This Thursday, the European Council is expected to announce their first-ever elected President.
However, with a baffling selection process taking place firmly behind closed doors, and no clear candidates or actual vote, the European public is struggling to get excited for what may be an important decision.
The role, whilst largely administrative, represents a new era of European integration. It would be the first time the European Union would have a recognizable, elected leader. As Reuters put it:
The post of EU president was created to give Brussels more clout and respect in world affairs. The person was supposed to be instantly recognizable and charismatic to boost dwindling public confidence which hit rock bottom when French and Dutch voters rejected the EU's draft constitution in 2005.
Whilst the European Council currently has a presidential position, this position is technically the head of state of the member that is currently president of the council. These member states rotate every 6 months. Having a separate, elected leader who holds office for two and a half years would, in theory, provide more continuity to pan-European politics and give an identifiable face for the rest of the world.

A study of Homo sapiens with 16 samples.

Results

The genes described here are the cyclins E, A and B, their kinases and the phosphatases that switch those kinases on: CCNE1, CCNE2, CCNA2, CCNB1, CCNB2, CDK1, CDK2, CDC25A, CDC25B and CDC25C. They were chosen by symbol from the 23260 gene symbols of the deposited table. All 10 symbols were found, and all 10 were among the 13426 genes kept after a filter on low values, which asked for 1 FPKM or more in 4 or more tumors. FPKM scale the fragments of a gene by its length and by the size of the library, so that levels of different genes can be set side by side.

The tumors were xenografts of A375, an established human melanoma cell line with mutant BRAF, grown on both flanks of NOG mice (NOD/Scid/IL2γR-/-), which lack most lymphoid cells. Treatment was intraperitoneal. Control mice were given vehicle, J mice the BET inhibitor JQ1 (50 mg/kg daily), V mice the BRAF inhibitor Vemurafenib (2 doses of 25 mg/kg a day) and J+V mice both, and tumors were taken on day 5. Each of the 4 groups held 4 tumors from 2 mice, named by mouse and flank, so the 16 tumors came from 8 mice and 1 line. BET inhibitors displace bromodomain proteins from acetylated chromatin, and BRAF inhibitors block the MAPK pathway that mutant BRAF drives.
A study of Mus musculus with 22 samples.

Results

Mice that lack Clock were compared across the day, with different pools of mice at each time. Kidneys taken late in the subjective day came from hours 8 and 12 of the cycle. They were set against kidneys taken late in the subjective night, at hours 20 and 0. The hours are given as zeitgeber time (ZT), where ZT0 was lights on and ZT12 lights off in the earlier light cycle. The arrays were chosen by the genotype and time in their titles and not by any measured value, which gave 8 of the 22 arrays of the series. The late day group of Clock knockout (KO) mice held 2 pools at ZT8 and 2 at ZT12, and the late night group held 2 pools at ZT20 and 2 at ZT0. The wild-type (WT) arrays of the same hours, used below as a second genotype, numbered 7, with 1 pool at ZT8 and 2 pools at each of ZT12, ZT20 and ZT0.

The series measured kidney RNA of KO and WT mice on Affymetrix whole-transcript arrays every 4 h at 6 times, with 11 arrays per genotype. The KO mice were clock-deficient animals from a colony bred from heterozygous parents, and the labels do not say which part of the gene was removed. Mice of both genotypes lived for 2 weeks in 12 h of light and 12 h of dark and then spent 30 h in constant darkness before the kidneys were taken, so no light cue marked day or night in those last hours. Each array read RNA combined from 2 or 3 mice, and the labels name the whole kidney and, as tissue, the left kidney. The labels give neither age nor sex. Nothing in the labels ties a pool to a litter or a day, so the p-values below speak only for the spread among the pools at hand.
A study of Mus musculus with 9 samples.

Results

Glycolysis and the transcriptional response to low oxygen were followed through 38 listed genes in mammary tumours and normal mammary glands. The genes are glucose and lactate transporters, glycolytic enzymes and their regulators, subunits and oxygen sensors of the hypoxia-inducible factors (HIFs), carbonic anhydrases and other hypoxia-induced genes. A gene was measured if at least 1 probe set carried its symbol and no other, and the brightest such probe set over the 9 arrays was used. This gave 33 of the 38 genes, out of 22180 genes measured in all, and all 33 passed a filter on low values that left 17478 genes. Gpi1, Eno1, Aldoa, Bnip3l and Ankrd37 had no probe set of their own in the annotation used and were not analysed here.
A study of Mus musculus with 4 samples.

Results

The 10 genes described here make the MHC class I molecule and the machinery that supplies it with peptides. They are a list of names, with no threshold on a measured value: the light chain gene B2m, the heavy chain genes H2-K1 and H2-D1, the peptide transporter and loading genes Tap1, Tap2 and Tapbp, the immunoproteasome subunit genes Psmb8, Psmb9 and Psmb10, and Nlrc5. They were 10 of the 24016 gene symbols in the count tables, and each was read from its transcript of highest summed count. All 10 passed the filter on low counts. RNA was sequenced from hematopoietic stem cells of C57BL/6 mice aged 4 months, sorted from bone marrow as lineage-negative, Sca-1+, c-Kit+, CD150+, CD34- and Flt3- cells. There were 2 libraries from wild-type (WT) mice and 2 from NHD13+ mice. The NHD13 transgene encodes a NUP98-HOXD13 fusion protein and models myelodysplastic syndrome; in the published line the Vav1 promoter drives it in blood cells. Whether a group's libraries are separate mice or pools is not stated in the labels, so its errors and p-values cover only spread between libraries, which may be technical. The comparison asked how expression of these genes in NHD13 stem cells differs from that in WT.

The problem is, with a region as diverse as Europe, a candidate that can appease all states is unlikely to be found. The Financial Times reports:
A majority of the EU's 27 national leaders are deeply uncomfortable with the idea that the bloc's first full-time president might overshadow them - diminishing the status of national governments in the process.
Just who could overcome this deadlock? We look at the favorites - with odds from British bookmakers Ladbrokes - and ask you to vote on who should be chosen.
Please note - odds correct at time of publication Wednesday, but may change. Check Ladbrokes for the latest odds.